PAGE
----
Today I took advantage of Adobe being in town (which, by the way, is super cool) and I saw Chris Orwig speak. Now, you may have heard of Chris before (he's the author of Visual Poetry, published by Peachpit Press who are in Berkeley and publish all sorts of cool photography books).
Anyway, his talk was truly inspiring, and I wrote copious notes. Ever since I got out of school I've discovered that I really love taking notes; organizing someone else's ideas on paper is very satisfying for me.
[Side note: sometimes Evan swears that I am secretly OCD, because I get annoyed when he does things like put my pens out of order (I arrange them by color), and I also get peeved if he puts groceries away in the wrong place. I counter that I am only SELECTIVELY OCD, because in most other things chaos doesn't bother me, and I can leave dirty dishes in the sink overnight. You know, if the dishwasher's full or something. End side note.]
Some of the things he said that really stuck with me:
-Use your camera to listen. I love this idea. When I'm happiest with my camera, that's what I'm doing.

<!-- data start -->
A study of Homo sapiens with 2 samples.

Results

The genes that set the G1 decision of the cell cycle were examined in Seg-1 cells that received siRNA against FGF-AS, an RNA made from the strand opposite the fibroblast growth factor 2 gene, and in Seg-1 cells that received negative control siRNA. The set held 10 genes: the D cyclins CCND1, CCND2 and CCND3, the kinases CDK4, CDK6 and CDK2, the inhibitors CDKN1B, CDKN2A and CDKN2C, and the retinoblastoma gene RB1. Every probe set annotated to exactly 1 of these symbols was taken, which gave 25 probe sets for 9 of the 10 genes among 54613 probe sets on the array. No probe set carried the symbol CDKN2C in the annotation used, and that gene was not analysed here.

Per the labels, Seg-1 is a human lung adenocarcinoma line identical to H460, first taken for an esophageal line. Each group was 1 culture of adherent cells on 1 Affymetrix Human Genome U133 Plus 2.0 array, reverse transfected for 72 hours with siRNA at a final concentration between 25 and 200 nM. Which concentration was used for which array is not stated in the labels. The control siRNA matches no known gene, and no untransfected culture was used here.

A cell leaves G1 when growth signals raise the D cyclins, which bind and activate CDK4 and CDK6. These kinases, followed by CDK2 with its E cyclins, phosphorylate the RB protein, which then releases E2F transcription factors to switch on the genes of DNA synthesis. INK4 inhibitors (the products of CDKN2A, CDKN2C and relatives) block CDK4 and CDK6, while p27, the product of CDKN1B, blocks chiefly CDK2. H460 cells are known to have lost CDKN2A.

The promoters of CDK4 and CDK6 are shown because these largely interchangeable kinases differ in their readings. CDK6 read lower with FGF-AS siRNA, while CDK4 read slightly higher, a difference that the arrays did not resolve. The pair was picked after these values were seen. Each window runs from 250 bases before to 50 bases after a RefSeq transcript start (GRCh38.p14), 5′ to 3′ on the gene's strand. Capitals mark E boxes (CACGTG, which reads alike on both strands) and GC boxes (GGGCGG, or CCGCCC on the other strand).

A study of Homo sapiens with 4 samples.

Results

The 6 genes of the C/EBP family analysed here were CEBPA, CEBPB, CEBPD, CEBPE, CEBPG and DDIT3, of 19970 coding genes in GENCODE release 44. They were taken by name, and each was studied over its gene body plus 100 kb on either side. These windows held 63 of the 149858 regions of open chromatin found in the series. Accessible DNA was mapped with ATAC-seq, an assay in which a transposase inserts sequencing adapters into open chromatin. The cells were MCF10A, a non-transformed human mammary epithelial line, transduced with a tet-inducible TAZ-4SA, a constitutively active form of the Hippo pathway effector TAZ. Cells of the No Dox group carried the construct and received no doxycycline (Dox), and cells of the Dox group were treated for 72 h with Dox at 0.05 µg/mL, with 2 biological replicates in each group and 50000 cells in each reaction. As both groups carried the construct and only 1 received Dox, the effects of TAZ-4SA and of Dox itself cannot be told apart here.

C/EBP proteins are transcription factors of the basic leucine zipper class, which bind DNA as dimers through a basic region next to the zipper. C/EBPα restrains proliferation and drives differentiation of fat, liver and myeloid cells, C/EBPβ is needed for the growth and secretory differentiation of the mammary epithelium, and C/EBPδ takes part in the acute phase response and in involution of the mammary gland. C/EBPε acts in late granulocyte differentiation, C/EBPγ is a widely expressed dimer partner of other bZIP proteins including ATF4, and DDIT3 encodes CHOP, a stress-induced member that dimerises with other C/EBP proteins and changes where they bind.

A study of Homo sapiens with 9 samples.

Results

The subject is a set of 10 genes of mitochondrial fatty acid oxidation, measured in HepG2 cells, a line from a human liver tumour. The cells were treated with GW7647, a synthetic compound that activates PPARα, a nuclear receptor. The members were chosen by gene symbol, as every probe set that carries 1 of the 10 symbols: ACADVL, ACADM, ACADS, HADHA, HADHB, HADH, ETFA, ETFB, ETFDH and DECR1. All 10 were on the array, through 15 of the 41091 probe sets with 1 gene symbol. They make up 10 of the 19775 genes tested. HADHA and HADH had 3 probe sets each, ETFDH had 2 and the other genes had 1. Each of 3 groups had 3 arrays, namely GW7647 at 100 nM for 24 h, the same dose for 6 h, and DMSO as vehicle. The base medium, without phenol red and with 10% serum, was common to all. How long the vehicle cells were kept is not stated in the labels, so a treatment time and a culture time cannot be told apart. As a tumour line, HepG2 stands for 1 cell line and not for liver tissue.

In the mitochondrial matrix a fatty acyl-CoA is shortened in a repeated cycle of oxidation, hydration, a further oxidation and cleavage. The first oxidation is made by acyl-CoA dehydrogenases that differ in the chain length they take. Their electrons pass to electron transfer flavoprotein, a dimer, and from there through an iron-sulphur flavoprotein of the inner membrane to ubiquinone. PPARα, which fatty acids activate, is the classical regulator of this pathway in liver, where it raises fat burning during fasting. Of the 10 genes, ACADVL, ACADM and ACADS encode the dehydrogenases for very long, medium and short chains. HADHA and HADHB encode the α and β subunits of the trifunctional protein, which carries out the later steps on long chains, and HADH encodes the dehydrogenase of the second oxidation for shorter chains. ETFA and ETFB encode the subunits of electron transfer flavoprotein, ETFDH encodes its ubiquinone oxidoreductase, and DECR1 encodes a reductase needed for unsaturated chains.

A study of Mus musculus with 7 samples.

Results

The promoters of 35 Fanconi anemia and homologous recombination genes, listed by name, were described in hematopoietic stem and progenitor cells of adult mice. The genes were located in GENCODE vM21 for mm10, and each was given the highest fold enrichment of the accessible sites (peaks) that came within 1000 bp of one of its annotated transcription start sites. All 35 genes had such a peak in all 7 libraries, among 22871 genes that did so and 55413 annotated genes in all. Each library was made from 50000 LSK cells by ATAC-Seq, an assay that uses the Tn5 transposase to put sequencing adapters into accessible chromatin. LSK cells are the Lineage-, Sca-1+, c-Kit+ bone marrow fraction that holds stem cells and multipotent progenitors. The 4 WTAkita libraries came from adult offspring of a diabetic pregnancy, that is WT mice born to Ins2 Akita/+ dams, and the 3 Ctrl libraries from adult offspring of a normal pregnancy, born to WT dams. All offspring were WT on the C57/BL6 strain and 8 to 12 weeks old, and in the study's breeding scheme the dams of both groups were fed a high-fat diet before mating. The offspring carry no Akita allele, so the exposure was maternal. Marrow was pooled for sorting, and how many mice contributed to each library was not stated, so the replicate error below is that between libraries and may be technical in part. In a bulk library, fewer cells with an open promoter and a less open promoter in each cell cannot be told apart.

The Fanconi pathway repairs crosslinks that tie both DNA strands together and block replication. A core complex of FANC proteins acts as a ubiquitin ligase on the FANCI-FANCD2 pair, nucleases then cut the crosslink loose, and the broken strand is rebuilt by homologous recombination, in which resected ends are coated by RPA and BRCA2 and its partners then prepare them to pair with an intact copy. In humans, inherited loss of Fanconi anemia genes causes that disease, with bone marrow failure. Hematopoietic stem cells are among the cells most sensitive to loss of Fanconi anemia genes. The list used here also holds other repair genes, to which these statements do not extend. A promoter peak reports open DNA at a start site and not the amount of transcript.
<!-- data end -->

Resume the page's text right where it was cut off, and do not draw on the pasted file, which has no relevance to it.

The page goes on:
-Bring your passions together. Shoot what you're passionate about. This is something I had never really examined in my own shooting before. I think I already do, but maybe not enough. It's something I'm going to work on.
-Surround and immerse yourself in what you love. I already probably spend too much time reading, thinking, breathing, and practicing photography, but I guess I appreciated someone telling me that it's ok to do that.
-Reduce, simplify, and deepen.
-Be engaged, focused, and alive.
As a teacher, I appreciated his lecturing style. Several times he asked us to discuss something with the person sitting next to us. Not only did this spice things up, it also made us more into participants and less into just watchers and listeners. I also came away from the experience knowing my seatmate (hi Terry!) and that's always good. If you can have community building and a lecture, then excellent.
Also, I really loved this question he posed. "How can you shoot basketball so that someone who isn't a basketball fan likes the shot?" The question is perfect for me, because I'm not a basketball fan, and much basketball photography leaves me cold. But some doesn't. What's different about the pictures that bridge the gap?
That, I guess, is the million dollar question.